WASHINGTON: It’s one of the biggest US holidays, but some Americans are wondering if Thanksgiving, and the shop-until-you-drop Black Friday that follows it, might be getting a bit out of control.
Over 38.2 million Americans will hit the highway for the four-day holiday weekend that begins Thursday, with another 3.4 million taking to the air, the AAA motorists’ association says.
Most will go back to their home towns for a family Thanksgiving dinner, with 88 percent of them tucking into roast turkey with stuffing and cranberry sauce, according to the National Turkey Federation.
Americans go through 46 million turkeys at Thanksgiving, more than double the 22 million consumed a month later at Christmas. Once they’ve polished off their pumpkin-pie desserts, many will be off to the shopping malls for the pre-Christmas shopping melee known as Black Friday, when retailers slash prices on clothing, toys and consumer electronics.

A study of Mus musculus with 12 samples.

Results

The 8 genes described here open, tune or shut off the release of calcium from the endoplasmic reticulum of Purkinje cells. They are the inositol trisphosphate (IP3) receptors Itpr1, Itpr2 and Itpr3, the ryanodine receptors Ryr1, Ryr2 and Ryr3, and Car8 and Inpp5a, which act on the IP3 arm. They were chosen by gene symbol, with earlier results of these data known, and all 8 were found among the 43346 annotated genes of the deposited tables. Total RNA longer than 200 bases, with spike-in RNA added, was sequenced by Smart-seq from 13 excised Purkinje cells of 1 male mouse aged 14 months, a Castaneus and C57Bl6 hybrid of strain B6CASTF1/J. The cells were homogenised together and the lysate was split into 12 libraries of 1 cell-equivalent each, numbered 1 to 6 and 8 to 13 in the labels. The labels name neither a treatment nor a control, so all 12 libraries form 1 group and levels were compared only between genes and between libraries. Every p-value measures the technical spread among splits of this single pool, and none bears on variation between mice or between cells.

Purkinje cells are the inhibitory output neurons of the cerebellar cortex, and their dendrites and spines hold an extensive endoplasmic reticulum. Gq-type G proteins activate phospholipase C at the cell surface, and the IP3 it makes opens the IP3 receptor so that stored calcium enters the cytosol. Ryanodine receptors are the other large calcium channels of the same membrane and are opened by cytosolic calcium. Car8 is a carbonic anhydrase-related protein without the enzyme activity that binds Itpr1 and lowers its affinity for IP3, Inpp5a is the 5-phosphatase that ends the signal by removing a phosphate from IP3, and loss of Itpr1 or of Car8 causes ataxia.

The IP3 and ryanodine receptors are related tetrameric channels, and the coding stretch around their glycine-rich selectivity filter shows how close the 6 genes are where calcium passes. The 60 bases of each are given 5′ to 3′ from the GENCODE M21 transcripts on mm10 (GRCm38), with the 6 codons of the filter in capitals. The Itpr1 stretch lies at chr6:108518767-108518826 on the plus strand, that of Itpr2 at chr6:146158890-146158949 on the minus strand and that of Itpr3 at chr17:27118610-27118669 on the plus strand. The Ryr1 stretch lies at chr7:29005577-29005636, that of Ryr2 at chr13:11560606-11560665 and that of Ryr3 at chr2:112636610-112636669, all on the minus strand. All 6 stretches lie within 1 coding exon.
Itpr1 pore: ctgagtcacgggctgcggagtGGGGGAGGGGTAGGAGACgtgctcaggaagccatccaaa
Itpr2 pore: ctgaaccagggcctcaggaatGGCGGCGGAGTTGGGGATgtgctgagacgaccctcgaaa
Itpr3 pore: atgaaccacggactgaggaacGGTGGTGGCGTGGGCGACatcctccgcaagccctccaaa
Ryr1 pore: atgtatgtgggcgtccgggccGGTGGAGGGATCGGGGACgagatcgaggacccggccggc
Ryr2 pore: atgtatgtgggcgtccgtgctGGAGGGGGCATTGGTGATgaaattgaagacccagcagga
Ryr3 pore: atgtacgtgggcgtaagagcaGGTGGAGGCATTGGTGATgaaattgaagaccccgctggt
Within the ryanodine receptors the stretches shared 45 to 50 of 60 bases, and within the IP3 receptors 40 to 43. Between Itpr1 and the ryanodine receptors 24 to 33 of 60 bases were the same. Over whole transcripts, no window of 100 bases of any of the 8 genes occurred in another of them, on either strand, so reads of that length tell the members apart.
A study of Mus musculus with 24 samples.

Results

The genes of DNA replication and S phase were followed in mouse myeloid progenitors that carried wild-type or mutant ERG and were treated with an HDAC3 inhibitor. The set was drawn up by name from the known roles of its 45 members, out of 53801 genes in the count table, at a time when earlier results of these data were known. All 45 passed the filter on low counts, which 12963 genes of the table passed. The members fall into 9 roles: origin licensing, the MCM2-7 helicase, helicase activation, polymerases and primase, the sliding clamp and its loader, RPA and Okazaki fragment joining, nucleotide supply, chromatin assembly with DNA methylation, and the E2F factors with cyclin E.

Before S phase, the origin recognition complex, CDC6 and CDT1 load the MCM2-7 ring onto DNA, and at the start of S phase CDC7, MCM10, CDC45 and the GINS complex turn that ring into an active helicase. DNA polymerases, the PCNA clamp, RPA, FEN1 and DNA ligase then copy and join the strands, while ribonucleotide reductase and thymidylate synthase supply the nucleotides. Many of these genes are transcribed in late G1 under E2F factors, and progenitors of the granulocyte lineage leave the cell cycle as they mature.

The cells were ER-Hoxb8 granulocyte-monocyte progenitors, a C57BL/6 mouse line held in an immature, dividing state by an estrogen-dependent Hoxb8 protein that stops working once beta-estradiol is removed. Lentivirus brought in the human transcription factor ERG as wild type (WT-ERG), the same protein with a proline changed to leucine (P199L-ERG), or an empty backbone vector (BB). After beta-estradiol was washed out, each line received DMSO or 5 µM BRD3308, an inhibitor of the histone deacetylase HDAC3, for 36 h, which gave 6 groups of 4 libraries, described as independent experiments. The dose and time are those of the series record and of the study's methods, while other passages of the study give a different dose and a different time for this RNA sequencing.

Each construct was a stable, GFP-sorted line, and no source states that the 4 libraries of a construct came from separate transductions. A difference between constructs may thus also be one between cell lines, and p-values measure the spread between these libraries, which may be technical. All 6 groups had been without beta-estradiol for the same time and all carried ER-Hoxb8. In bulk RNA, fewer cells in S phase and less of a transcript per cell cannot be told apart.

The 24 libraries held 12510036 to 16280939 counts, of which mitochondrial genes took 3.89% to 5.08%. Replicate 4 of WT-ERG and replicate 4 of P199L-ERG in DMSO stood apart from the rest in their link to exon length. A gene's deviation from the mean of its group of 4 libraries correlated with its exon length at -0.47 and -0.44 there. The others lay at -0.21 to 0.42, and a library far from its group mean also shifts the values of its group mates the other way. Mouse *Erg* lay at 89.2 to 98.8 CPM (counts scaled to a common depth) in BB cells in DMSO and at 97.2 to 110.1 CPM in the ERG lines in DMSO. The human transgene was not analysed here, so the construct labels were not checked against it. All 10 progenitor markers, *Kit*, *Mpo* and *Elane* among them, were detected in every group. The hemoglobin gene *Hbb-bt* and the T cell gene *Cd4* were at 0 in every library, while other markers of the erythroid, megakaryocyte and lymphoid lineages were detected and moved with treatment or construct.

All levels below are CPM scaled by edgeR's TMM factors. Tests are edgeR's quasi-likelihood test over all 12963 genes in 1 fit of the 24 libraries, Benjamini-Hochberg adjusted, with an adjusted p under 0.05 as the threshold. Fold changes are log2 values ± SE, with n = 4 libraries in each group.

“The amount of Black Friday shoppers will increase from 212 million last year to 225 million this year,” says blackfriday2011.com, a kind of Wikileaks for consumers looking to see Black Friday advertisements before publication.
So important is Black Friday to retailers — potentially more than $20 billion in sales, according to market analysis firm SpendingPulse — that many big-name outlets are opening earlier than ever.
“It’s a national holiday, not a national shopping day,” wrote one signer, Bryce Allision of Portland, “Encouraging people to shop in the middle of the night is bizarre,” added Scotty Brookie from Santa Cruz, California.
But Anahita Cameron, a Target human resources executive, defended the idea of bargain-hunting at the witching hour.